Agency marks 90 years of service to Eastern churches, humanitarian aid
14 Mar 2017 By Beth Griffin
An “invisible” Catholic organization celebrated 90 years of quiet service to the poor in the Middle East, northeast Africa, India and Eastern Europe.
Msgr. John E. Kozar, president of Catholic Near East Welfare Association, said the agency maintains a low profile because it works through and with the local church.
“They know best how to represent the face of Christ. We trust their experience, holiness and knowledge about how to govern and care for their people,” he said in a 28 February interview with Catholic News Service.
The mission of the organization is to serve and accompany Eastern Catholic churches in pastoral and humanitarian activities, generally at the level of the diocese or eparchy, Msgr. Kozar said. A secondary mission is to share the needs of the Eastern churches with people in North America who may be confused about where Eastern churches fit in the larger Catholic picture.
Eastern Catholic churches have their origins in the Middle East, Eastern Europe, India or northeast Africa; have distinctive liturgical and legal systems; and are often identified by the national or ethnic character of their region of origin. Members of the 22 Eastern Catholic churches enjoy the same dignity, rights and obligations as members of the Latin Church.
Msgr. Kozar said people in North America have little exposure to Eastern churches and he takes it in stride when asked if Eastern Catholics are “really Catholic” and if they are under the authority of Pope Francis. “I say, ‘Yes! We are one church with two very enriching traditions, Latin and Eastern.’”
He said Eastern Catholic churches are typically smaller than Latin churches. Many have deep historic roots and are in areas of suffering and religious persecution.
Catholic Near East Welfare Association was founded in 1926 in response to a request by Pope Pius XI to unite all American Catholic organizations providing aid to Russia and the Near East. Near East is an imprecise geographic term that encompasses southwest Asia and the Arabian Peninsula.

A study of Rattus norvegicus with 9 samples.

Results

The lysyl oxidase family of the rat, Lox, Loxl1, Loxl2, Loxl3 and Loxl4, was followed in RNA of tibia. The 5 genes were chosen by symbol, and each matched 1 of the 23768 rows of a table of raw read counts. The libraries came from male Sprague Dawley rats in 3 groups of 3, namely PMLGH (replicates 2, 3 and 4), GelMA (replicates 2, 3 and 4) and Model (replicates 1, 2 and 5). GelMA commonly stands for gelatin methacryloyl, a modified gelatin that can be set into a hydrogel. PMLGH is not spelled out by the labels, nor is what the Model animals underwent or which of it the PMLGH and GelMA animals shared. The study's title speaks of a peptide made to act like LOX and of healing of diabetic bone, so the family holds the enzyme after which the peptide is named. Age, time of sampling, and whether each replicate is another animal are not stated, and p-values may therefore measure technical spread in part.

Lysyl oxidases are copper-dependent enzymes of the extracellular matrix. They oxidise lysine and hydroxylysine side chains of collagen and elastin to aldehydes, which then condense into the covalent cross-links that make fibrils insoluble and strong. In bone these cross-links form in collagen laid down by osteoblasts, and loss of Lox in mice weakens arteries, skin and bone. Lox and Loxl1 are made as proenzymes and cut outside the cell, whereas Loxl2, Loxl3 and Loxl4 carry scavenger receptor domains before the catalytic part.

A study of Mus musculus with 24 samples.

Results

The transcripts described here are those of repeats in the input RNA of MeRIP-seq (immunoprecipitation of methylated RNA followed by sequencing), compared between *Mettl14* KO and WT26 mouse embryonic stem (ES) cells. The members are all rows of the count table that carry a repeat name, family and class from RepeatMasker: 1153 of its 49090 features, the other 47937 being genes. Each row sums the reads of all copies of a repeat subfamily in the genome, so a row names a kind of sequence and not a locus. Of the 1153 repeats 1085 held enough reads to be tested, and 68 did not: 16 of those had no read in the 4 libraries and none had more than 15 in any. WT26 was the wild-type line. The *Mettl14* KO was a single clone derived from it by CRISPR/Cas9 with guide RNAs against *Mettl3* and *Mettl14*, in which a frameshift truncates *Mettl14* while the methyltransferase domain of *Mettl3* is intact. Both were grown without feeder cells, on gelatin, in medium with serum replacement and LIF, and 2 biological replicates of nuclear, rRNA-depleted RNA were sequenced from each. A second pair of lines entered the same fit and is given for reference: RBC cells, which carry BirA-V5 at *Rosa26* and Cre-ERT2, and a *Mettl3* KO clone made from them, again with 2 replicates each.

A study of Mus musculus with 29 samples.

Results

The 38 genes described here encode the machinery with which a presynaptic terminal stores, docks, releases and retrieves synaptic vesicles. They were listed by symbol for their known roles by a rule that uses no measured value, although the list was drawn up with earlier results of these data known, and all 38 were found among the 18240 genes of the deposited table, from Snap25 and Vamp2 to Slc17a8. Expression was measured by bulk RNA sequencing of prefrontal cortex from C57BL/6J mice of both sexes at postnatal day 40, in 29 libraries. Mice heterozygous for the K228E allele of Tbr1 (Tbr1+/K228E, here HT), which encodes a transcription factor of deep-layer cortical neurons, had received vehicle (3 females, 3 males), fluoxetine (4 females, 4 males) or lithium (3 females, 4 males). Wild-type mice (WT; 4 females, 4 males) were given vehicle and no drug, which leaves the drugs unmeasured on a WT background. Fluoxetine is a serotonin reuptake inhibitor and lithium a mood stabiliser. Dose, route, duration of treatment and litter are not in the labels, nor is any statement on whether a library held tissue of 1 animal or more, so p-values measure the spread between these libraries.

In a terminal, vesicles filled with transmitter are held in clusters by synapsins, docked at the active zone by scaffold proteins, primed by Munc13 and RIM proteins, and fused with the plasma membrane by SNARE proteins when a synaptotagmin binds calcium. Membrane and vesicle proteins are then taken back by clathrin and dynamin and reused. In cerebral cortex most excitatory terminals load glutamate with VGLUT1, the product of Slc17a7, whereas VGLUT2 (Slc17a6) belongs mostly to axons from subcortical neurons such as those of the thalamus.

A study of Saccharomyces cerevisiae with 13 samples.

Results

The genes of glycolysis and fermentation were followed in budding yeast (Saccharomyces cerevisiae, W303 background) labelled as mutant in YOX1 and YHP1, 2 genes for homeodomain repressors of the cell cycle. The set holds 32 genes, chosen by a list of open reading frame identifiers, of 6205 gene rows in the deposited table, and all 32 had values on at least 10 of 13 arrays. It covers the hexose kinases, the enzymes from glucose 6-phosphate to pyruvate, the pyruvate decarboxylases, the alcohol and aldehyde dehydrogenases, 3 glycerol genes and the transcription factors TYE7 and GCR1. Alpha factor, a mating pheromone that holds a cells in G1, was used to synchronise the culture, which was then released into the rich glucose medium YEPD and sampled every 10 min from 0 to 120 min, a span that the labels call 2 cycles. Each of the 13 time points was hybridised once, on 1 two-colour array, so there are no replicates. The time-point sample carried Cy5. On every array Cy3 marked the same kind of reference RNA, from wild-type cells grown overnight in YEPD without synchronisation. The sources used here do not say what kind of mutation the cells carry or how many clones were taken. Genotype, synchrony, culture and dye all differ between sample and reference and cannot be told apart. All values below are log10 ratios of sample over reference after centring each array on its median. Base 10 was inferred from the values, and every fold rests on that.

As a papal organization, it has a mandate from the Vatican to support the Eastern Catholic Church. Another mandate of the agency is to work for union among Catholic and non-Catholic Eastern churches, including the Orthodox churches.
In recent years, the association spent approximately $22 million annually on assistance in 14 countries.
The abiding challenge is with refugees and displaced persons in the Middle East, especially Iraq, Syria, Lebanon and Jordan, Msgr. Kozar said. Access in Syria has been sharply limited because of the ongoing conflict, but the organization is still helping the local churches provide milk, bedding, diapers and antibiotics to their people.
“There are heroic priests, sisters and bishops who never left. Some Catholics and other Christians have been hunkered down for more than five years,” he said.
Catholic Near East Welfare Association also is active in areas where the church has experienced persecution and retribution, such as Egypt. In one town, the agency funded the repair of a section of a burned-out orphanage so the sisters living there could continue to care for 15 children. The orphanage was one of 55 church properties damaged in anti-Christian violence during 2013.